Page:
UNC Academic Fraud Report Released: 18 years of easy A’s


The report, authored by former federal prosecutor, Kenneth Wainstein, exposes a practice engaged in by counselors and teachers to protect student-athletes from academic requirements affecting their eligibility in competition.  Student-athletes were ushered into certain “paper classes” that required little to no work, attendance, or participation for a good grade.

The scandal originally surfaced in 2010 when allegations surfaced regarding improper contact between athletes and agents.  UNC investigated the claims and unearthed academic irregularities.  The University then ordered investigations yielding six different reports, all of which stopped short of systemic problems.  This report, ordered by new UNC Chancellor Carol Foit, addresses the root of the problem.

The central figure exposed is Debbie Crowder, assistant to the department chair of the African American Studies program, Julius Nyang’oro.  Crowder, feeling sympathy for the struggling students, created paper classes that were very lenient on grading and registered them under Nyang’oro as the teacher.  Nyang’oro eventually learned of the classes, yet he did nothing to stop the fraud.  Several academic counselors pushed student-athletes into these classes to boost their GPA’s and maintain their competition eligibility.  Former Dirctor of Football, Cynthia Reynolds, was also complicit as she told former football coach Butch Davis that these classes were part of the strategy to keep players eligible.  Former football coach John Bunting was also aware.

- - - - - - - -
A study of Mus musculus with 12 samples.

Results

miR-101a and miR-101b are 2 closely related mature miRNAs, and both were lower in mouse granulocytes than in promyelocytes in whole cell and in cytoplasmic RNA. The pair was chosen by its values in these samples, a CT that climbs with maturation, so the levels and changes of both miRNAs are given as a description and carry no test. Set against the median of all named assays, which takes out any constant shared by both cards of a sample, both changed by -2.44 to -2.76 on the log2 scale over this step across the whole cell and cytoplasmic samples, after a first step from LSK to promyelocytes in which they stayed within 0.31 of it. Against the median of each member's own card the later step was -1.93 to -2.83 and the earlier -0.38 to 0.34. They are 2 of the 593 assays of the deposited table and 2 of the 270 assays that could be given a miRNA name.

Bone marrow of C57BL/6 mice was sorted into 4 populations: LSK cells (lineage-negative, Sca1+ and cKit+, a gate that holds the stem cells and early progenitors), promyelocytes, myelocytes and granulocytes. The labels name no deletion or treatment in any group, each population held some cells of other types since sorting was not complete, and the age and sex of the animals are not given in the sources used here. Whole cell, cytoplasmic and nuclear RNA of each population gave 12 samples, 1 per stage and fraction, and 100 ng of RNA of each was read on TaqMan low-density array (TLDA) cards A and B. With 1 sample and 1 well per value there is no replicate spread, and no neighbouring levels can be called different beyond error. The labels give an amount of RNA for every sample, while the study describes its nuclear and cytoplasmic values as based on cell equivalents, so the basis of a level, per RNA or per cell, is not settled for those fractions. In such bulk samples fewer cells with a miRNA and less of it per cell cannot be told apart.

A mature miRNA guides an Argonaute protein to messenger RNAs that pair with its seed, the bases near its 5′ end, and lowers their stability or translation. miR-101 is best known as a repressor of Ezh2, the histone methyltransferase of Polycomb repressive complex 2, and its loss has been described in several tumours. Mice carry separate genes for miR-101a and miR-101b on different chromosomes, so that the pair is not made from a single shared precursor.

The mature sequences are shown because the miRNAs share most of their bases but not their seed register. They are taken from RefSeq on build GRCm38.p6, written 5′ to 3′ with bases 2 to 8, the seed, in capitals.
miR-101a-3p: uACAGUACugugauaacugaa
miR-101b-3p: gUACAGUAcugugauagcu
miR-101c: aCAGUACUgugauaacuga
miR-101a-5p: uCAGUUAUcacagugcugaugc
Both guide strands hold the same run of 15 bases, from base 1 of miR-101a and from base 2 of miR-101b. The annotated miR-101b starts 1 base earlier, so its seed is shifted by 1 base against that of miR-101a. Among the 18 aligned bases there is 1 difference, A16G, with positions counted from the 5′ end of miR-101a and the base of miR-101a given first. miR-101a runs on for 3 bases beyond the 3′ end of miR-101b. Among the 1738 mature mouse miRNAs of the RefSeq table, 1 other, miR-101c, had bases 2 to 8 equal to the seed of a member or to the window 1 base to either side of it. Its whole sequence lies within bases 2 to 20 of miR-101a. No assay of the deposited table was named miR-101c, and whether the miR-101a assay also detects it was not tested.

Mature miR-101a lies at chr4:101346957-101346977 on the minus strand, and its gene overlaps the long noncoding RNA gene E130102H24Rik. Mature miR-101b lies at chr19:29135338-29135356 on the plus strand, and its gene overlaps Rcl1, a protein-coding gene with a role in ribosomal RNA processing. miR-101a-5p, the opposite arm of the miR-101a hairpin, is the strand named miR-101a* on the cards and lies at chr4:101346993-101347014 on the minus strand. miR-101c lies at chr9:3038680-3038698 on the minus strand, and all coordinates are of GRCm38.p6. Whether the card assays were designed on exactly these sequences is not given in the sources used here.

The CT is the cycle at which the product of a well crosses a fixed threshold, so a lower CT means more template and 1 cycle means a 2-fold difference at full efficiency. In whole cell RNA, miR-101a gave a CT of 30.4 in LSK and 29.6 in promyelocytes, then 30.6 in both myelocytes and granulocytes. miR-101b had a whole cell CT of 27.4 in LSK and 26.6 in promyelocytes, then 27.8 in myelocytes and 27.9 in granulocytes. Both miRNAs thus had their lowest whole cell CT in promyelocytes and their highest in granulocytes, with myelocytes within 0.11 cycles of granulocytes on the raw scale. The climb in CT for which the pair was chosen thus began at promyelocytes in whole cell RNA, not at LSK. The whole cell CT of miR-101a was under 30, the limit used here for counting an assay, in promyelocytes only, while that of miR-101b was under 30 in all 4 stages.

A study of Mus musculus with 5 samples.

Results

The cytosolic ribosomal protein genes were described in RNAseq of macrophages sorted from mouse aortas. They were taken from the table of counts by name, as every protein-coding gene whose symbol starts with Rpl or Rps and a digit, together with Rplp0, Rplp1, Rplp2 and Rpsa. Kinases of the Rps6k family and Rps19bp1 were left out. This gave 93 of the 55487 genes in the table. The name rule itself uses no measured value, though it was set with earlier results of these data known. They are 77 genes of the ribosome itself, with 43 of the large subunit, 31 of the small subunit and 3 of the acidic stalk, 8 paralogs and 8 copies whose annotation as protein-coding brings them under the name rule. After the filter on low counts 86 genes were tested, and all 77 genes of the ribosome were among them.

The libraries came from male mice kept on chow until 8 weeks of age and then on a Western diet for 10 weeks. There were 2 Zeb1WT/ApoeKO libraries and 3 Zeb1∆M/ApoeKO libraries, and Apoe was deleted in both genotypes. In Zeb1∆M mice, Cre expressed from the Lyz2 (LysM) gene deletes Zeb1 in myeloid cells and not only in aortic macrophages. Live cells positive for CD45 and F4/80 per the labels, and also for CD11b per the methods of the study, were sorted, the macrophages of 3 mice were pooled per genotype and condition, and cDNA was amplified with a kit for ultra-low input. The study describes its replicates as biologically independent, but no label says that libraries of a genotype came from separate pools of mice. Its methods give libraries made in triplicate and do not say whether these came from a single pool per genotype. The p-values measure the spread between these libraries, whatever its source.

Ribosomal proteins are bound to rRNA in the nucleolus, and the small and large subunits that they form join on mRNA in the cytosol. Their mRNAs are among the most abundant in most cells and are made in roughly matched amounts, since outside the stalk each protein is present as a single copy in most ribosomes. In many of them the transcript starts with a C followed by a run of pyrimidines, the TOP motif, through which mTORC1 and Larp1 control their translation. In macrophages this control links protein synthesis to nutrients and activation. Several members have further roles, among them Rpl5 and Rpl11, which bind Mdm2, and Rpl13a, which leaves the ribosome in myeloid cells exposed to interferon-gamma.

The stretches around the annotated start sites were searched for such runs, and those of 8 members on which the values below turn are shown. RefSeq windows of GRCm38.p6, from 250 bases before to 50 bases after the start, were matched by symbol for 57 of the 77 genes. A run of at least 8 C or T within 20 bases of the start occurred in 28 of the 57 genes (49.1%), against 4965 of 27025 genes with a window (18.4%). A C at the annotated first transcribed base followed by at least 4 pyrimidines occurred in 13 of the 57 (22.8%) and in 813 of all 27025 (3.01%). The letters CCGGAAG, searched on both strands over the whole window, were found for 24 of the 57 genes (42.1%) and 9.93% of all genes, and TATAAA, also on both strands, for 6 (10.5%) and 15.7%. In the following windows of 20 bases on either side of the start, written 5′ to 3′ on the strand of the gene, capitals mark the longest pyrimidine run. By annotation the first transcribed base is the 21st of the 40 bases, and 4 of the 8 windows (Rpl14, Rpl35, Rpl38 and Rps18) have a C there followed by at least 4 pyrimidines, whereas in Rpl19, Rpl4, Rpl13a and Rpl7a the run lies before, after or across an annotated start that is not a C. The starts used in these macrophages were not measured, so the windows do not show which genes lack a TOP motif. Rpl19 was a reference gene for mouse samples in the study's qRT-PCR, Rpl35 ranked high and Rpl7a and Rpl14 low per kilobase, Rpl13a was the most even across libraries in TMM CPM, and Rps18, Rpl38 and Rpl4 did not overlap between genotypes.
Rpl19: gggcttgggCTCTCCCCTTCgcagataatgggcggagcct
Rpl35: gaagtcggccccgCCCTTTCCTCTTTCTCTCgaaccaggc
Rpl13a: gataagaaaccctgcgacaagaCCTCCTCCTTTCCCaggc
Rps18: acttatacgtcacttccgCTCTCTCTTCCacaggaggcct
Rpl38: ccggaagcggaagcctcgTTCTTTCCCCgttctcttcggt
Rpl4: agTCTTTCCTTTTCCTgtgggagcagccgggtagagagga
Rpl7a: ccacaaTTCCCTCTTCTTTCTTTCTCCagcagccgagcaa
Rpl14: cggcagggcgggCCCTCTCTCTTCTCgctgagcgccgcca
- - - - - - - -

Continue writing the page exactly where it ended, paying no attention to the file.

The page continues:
Chancellor Foit has been at the forefront in exposing the fraud as well as picking up the pieces.  Four employees of the university have been fired, and five more were disciplined.  However, the once pristine UNC name is now tarnished.  As the fraud extends back 18 years, UNC’s three college basketball national championships (1993, 2005, 2009) are in jeopardy.